Filing for bankruptcy is a way for people in Connecticut to address their debts that they can no longer repay. However, the process is much more involved than simply filing and then waiting for debt to disappear. There are generally two types of personal bankruptcy that consumers can use -- Chapter 7 and Chapter 13. Here are a few things that may help individuals better understand the process of personal bankruptcy.
Most people want to know what will happen to their homes and vehicles during bankruptcy. It is understandable to feel concerned about two things that are so integral to the safety and security of a person. However, it is important for people in Connecticut to understand how personal bankruptcy will also affect their financial accounts.
For some people, the monthly bills seem to accumulate slowly over time. For others, several unexpected expenses seem to hit all at once. No matter the reason a person finds him or herself so deeply in debt that it seems impossible to get out, bankruptcy can potentially be a viable option. But how can a person in Connecticut figure out whether personal bankruptcy is the right decision? Here are a few things to consider.
Disability benefits play an important role in many people's finances, helping them to stay afloat even when they might be struggling with money and bills. In most cases, filing for personal bankruptcy will not affect a person's ability to continue receiving disability benefits. For Connecticut veterans this is not always the case.
It is not secret that the cost of college is far outside of the reach of an average Connecticut student. Even with scholarships and grants, few can afford to fork out fistfuls of cash for their classes. With ever-growing class loads, working more than part time during college years is also difficult if not impossible for some. These and other factors have culminated into a growing crisis for young adults, which personal bankruptcy could be one option for addressing.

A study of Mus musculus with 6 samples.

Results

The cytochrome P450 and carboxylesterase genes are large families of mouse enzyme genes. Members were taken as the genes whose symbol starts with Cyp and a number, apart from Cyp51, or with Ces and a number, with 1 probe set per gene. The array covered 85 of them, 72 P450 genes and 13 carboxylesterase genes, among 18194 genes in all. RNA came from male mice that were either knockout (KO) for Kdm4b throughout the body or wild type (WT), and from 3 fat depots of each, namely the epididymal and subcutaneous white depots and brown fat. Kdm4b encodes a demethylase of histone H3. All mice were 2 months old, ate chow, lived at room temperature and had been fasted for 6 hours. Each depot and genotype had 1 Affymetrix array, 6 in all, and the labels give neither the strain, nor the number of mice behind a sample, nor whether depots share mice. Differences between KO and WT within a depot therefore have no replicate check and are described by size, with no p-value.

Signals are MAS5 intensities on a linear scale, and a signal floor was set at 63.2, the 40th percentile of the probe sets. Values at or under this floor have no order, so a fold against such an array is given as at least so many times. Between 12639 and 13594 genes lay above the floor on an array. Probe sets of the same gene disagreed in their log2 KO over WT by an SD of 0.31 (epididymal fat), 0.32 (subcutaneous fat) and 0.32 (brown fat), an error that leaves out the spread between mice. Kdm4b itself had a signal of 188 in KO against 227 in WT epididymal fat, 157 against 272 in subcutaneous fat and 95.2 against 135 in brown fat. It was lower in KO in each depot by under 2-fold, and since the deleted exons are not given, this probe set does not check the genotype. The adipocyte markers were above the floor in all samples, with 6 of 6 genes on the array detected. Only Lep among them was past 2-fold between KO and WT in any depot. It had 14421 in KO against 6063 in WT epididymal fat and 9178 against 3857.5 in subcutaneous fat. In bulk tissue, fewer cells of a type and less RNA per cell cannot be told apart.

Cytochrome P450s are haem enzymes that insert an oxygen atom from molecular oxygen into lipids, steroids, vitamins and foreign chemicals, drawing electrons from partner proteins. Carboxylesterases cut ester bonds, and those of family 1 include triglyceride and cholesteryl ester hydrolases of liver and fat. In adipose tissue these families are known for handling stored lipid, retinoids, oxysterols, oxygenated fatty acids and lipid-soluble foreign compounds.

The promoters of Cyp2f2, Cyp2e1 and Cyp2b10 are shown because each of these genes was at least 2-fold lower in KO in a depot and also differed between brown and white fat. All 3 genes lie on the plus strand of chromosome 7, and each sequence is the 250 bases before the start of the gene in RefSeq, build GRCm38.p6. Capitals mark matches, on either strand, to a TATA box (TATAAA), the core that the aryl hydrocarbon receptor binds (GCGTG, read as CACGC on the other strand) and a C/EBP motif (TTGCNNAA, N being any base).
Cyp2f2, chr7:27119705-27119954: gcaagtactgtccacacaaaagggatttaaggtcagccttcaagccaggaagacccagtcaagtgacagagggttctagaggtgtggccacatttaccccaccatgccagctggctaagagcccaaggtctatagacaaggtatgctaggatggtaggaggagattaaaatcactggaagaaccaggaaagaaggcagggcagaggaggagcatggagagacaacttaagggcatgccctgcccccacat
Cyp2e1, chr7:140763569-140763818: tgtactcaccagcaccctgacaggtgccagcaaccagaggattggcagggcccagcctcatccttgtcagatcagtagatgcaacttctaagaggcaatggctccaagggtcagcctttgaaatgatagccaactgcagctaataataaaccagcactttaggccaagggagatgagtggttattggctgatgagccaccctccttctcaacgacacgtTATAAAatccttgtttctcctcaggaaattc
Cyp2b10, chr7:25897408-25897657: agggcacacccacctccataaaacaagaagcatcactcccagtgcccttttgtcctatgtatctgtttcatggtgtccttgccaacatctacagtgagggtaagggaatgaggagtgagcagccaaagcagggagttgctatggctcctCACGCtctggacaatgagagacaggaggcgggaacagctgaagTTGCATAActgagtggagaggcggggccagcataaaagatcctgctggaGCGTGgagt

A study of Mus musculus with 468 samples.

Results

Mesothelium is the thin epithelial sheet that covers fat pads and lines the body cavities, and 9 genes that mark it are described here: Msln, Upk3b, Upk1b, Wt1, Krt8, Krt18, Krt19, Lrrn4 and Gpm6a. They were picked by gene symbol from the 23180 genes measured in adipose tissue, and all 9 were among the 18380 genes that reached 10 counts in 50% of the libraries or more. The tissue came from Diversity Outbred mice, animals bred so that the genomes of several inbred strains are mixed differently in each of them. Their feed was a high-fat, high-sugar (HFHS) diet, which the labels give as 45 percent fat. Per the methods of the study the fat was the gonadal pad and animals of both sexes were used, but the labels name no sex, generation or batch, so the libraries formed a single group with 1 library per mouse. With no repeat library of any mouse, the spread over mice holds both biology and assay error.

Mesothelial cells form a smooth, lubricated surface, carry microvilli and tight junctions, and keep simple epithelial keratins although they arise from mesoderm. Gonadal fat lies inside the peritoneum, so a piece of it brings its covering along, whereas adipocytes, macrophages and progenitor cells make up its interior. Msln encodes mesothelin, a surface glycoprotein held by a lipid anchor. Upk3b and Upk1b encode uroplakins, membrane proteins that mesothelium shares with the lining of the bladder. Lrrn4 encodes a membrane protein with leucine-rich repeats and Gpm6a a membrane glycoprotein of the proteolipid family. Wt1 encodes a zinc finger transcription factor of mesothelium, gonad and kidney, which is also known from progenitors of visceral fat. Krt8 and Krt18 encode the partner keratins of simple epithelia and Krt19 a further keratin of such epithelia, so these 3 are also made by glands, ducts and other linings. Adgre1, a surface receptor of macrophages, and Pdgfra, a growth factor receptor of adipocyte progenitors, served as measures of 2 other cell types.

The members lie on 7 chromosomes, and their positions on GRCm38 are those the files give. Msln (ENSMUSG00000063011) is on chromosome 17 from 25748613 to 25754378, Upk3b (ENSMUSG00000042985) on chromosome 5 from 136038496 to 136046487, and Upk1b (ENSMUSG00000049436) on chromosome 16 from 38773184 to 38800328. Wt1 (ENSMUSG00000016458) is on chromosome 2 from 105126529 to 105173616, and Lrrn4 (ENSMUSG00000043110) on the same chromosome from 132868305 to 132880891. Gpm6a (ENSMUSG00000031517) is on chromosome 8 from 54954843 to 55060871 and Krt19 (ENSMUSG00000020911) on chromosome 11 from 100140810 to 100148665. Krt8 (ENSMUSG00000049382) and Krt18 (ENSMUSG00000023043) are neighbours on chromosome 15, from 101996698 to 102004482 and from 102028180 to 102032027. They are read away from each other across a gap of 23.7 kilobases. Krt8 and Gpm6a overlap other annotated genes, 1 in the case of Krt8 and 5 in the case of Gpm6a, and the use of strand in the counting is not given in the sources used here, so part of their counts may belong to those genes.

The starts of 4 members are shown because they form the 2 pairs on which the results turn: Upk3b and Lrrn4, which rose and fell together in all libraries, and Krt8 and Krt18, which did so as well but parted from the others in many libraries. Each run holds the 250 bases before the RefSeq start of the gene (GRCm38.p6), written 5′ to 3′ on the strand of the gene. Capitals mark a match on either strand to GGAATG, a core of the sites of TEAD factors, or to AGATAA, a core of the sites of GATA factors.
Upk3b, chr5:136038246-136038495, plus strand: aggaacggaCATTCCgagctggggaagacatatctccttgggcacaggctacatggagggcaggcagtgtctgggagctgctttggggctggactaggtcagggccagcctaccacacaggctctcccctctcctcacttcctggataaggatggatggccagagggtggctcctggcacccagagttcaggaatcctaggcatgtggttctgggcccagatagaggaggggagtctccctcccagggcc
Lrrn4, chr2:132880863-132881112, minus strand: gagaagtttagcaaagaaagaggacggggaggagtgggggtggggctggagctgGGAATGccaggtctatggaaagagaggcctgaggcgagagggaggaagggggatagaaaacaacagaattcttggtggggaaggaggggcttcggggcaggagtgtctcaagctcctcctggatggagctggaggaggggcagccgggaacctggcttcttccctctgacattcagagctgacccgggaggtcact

Balancing multiple monthly payments is a juggling act that most people in Connecticut cannot keep up with forever. In some situations, debt consolidation can help individuals create more manageable payment schedules that get them back on financial track. When this is not possible, personal bankruptcy may be a more effective option for relief.
Credit card debt might feel like an unavoidable feature of modern life, and rising balances seem to support this idea. Consumers in Connecticut and across the rest of the United States seem increasingly willing to take on more and more debt on their credit cards, with the current average debt for individuals at $5,331. So are those with more debt in worse shape and more likely to file for personal bankruptcy than those who owe less? Maybe, but maybe not.
Connecticut job seekers prioritize several different factors when looking for work. From looking for certain base salaries to commuting distances, one of the biggest considerations is often employer-offered health insurance. Unfortunately, even securing a decent health insurance policy can't fully immunize a person to falling into medical debt, which is a significant contributor to personal bankruptcy.
Filing for bankruptcy is often the most effective way for struggling Connecticut consumers to deal with their overwhelming debt. Despite this, fewer people are pursuing personal bankruptcy than just a handful of years ago. Experts have a few ideas as to why this is, including things like improved health care coverage and the costs associated with filing.
Debt can be a significant burden for Connecticut consumers who can no longer manage their obligations and make payments on time. For many, a significant portion of their debt burden is a result of auto and other similar personal loans. When a person is no longer able to make payments and is struggling with the consequences of overdue debt, personal bankruptcy may be an option by which he or she can discharge the debt and secure a better financial future.